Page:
It’s a few days after Thanksgiving and we are getting ready for bed.
“Now don’t forget,” my Mom tells me. “Tomorrow, I want you to go straight to Aunt Sarah’s. She’ll be waiting for you. You’re going to keep her company and help her with anything she needs.”
“Okay, Mom.” I reply. I know that I am really going to Aunt Sarah’s because she is old, really, really old. I am really going there to babysit her until Mom’s friend Audrey gets home from whatever it is that she has to do.
Aunt Sarah is like our furniture. We are secure with her and she is secure with us. She is warm and round and she loves us very much. She is not really our Aunt, but there is no kid in the neighborhood who does not call her “Aunt.”
The front door is not locked. It never is. And I come bustling in with my schoolbag in tow. Aunt Sarah sits in her chair. Her eyes are gentle and blue. Her skin hangs in folds from her face, her neck, and her arms. There is always a little curl at her lips. She wears a sweater even though the house is warm. She welcomes me as I enter after school. “Would you like some cookies,” she asks me. I stop to ponder. Should I say, “yes?” Because surely, I do want some cookies. Would it be right to let her take care of me? Because, after all, I am there to do her bidding. I settle on, “yes, please.”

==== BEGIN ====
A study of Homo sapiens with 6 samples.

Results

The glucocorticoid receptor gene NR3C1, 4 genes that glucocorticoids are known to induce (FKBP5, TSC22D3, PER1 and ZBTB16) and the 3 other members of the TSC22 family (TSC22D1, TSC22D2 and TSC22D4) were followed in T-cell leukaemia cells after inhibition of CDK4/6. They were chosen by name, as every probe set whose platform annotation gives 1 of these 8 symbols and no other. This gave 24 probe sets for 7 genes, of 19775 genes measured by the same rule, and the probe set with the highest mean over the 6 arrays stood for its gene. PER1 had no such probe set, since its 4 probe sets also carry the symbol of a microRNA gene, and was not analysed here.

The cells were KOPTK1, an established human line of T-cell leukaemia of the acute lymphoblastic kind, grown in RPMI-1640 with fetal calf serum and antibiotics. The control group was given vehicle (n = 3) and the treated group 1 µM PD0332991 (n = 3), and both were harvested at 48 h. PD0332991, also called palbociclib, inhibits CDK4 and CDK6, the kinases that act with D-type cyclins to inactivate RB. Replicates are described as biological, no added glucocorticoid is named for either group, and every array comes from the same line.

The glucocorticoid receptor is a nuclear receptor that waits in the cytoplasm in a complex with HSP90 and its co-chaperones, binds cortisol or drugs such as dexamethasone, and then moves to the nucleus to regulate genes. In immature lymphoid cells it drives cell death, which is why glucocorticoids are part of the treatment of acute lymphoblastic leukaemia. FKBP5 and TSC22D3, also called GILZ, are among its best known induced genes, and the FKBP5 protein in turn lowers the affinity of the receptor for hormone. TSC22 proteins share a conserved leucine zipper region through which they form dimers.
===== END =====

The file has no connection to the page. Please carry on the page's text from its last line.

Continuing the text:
Aunt Sarah rises ever so slowly from her chair and ambles slowly on into the kitchen. She pours me some milk and sets out some cookies. And so our afternoon continues. Aunt Sarah chats with me and the lilt of her voice delights me. Her wise words fill me with awe. I tell her about my day and she listens intently as if she were right there, in the moments I describe. We watch a show on the black and white TV screen and I ask if there is anything she wants me to do for her. She sips tea. I think there is milk in her tea and it strikes me as odd since my Mom doesn’t take milk in her tea.
Too soon, Audrey arrives home and it is time for me to go. I scurry on over to Aunt Sarah as she sits in her chair, and give her fluffy, soft body a hug and I plant a kiss among the folds of skin on her soft face. She kisses me back. She smells of Aunt Sarah, that beautiful, older than life lady, that I am in charge of.
I feel important and Aunt Sarah does too. She has listened more intently than words can describe. She has nourished a little girl with cookies and love. And she has kept me safe while Mom was away from home.
The real joy of knowing Aunt Sarah was in the lessons we learned, in running errands, and babysitting (even though she was also babysitting us). In fetching things for her, and sharing a cup of tea, or having a discussion about school, or toys, or siblings, we learned compassion. In soft, warm hugs and kissing the funny folds of skin on her aging face, we learned the value of human dignity. We learned so much more than any class could have taught. We learned to respect the elderly. We learned that we should be compassionate and caring toward the infirm. We learned that the elderly still had so much to offer. We learned to slow down. We learned that we were not the center of the universe (even as that person made us think we were). We learned love, unconditional love.
Do you have an Aunt Sarah? What lessons have the elderly taught you? Please leave a comment below.